ROAD COMMISSONS:  TRANSFER OF DUTIES                                         H.B. 4212 & 4215:

                                                                               SUMMARY OF HOUSE-PASSED BILL

                                                                                                         IN COMMITTEE

 

 

 

 

 

 

 

 

 

House Bills 4212 and 4215 (as passed by the House)

Sponsor:  Representative Roger Victory

House Committee:  Local Government

Senate Committee:  Local Government

 

Date Completed:  6-15-15

 


CONTENT

 

House Bill 4212 would amend Public Act 156 of 1851, which governs county boards of commissioners, to delete the December 31, 2014, deadline for a county board of commissioners to pass a resolution dissolving an appointed board of county road commissioners and transferring its duties to the county board of commissioners, or referring to the voters the question of dissolving and transferring the duties of an elected board of county road commissioners.

 

House Bill 4215 would amend Public Act 283 of 1909, the county road law, to delete a requirement that a transfer of the duties of a board of county road commissioners to a county board of commissioners occur before January 1, 2015.

 

The bills are tie-barred.

 

House Bill 4212

 

In a county with an appointed board of county road commissioners, Public Act 156 of 1851 allowed the county board of commissioners, before January 1, 2015, to pass a resolution transferring the powers, duties, and functions of the county road commissioners to the county board of commissioners and dissolving the board of county road commissioners. The bill would delete the requirement that such a resolution be passed before January 1, 2015.

 

In addition, in a county with an elected board of county road commissioners, the Act allowed the county board of commissioners, before January 1, 2015, to pass a resolution submitting to the county's voters the question of transferring the powers, duties, and functions of the elected board of county road commissioners to the county board of commissioners and dissolving the board of county road commissioners. The bill would delete the requirement that such a resolution be passed before January 1, 2015.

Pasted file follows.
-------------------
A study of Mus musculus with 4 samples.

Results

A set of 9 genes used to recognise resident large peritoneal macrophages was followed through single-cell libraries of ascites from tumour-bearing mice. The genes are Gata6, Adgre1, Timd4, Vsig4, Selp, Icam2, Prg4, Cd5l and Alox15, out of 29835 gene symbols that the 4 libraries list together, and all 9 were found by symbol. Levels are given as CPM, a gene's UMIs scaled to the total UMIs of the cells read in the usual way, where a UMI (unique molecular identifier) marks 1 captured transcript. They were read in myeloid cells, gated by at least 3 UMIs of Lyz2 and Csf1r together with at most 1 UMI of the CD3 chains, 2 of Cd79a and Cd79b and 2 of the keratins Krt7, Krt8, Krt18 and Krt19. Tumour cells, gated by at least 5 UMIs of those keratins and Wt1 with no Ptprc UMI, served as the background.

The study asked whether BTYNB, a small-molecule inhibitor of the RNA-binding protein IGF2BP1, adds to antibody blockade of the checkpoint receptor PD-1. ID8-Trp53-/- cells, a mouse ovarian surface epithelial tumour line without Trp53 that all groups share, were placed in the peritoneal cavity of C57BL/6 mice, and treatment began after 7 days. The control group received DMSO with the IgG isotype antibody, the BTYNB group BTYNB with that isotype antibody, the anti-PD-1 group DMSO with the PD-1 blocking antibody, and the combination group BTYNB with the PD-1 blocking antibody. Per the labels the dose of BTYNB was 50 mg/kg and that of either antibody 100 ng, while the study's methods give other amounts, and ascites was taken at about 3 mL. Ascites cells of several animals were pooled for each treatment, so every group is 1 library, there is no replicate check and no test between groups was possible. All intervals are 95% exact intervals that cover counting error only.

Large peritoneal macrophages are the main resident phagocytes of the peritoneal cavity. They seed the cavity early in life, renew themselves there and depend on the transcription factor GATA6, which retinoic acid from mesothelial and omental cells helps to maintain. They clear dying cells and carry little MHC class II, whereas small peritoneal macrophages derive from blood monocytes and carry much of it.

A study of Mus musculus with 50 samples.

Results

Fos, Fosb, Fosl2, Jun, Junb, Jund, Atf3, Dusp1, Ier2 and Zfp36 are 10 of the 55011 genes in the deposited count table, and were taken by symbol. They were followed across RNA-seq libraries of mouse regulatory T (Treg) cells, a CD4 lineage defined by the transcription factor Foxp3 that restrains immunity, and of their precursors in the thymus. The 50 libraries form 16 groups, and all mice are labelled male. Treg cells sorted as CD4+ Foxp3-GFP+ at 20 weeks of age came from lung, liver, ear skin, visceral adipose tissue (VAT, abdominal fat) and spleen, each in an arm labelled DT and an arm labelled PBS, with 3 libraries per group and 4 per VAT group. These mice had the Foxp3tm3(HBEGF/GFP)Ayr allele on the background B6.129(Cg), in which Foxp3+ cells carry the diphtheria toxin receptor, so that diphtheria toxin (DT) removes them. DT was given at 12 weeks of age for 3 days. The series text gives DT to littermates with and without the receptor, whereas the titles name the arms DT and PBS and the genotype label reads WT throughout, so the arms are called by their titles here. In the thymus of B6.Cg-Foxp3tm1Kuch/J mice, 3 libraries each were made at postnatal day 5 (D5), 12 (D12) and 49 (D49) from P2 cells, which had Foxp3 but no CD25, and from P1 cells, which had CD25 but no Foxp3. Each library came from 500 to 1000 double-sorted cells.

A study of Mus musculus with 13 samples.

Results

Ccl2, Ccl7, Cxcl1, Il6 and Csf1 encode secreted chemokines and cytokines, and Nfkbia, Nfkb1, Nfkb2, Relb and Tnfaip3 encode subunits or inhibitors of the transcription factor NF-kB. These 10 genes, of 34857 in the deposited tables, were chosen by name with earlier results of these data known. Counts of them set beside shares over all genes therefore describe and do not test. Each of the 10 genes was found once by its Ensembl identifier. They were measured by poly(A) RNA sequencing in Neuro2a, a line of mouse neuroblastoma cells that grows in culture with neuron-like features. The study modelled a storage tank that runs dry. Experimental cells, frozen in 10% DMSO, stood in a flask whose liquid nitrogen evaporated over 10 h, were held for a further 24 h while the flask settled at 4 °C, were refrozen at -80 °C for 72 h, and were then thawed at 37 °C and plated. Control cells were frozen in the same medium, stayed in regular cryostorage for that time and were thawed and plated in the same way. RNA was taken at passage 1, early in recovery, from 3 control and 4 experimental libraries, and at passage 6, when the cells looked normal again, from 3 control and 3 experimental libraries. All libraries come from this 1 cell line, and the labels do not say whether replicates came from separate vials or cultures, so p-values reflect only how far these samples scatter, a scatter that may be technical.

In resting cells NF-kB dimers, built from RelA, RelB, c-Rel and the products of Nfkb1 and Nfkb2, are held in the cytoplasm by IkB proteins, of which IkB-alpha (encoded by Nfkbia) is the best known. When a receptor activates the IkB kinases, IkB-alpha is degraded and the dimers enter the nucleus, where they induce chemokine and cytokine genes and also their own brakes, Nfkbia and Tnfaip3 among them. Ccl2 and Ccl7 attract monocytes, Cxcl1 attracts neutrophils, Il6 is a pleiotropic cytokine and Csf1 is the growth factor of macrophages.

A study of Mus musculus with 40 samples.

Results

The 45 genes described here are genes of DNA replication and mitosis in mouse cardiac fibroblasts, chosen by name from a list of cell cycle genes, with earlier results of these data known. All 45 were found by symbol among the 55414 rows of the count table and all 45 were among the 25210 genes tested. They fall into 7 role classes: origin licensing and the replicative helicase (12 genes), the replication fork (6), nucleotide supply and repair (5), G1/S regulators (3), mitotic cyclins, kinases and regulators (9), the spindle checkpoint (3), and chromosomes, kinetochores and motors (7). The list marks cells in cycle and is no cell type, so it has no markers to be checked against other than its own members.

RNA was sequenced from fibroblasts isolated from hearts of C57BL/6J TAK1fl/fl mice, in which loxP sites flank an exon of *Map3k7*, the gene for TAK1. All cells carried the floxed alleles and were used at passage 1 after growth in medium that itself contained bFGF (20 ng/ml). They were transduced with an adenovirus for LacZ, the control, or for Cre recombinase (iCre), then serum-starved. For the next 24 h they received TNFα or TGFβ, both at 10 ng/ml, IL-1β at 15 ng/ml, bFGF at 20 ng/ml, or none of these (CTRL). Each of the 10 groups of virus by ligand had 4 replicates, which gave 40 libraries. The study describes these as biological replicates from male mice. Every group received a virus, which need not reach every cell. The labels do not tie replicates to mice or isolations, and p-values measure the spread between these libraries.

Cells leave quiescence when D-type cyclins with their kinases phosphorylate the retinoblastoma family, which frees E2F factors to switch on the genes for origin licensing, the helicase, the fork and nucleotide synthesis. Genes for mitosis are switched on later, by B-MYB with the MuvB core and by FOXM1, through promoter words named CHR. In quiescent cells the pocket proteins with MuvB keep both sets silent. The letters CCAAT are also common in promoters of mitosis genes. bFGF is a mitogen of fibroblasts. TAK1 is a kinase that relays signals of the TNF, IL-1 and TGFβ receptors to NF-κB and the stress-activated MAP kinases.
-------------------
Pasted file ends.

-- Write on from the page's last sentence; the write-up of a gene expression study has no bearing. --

In either case, before passing the resolution, the county had to hold at least two public hearings.

 

Under both scenarios described above, if the board of county road commissioners is dissolved and its powers, duties, and functions are transferred to the county board of commissioners, the county board of commissioners is authorized to receive and spend funds as allowed under the Michigan Transportation Fund law. Also, under both provisions, if the powers and duties of the county drain commissioner had previously been transferred to the board of county road commissioners, as provided in the Drain Code, then the county board of commissioners must re-establish, by resolution,  the office of county drain commissioner  as an elected office and


appoint an acting county drain commissioner who will hold office until the next general election.

 

House Bill 4215

 

Public Act 283 of 1909 allowed the powers, duties, and functions otherwise provided by law for an appointed or elected board of county road commissioners to be transferred to the county board of commissioners, before January 1, 2015, by a resolution allowed under Public Act 156 of 1851. The bill would delete the requirement that such an action occur before January 1, 2015.

 

MCL 46.11 (H.B. 4212)                                             Legislative Analyst:  Patrick Affholter

       224.6 (H.B. 4215)

 

FISCAL IMPACT

 

The bills have the potential to reduce the cost of local government by reinstating the option to transfer duties from a county road commission to the county board of commissioners under procedures specified in statute. The decision to exercise this option would be made locally and in some cases would require approval of the electorate. The amount of any savings would depend on local circumstances.

 

                                                                                     Fiscal Analyst:  Elizabeth Pratt

 

 

This analysis was prepared by nonpartisan Senate staff for use by the Senate in its deliberations and does not constitute an official statement of legislative intent.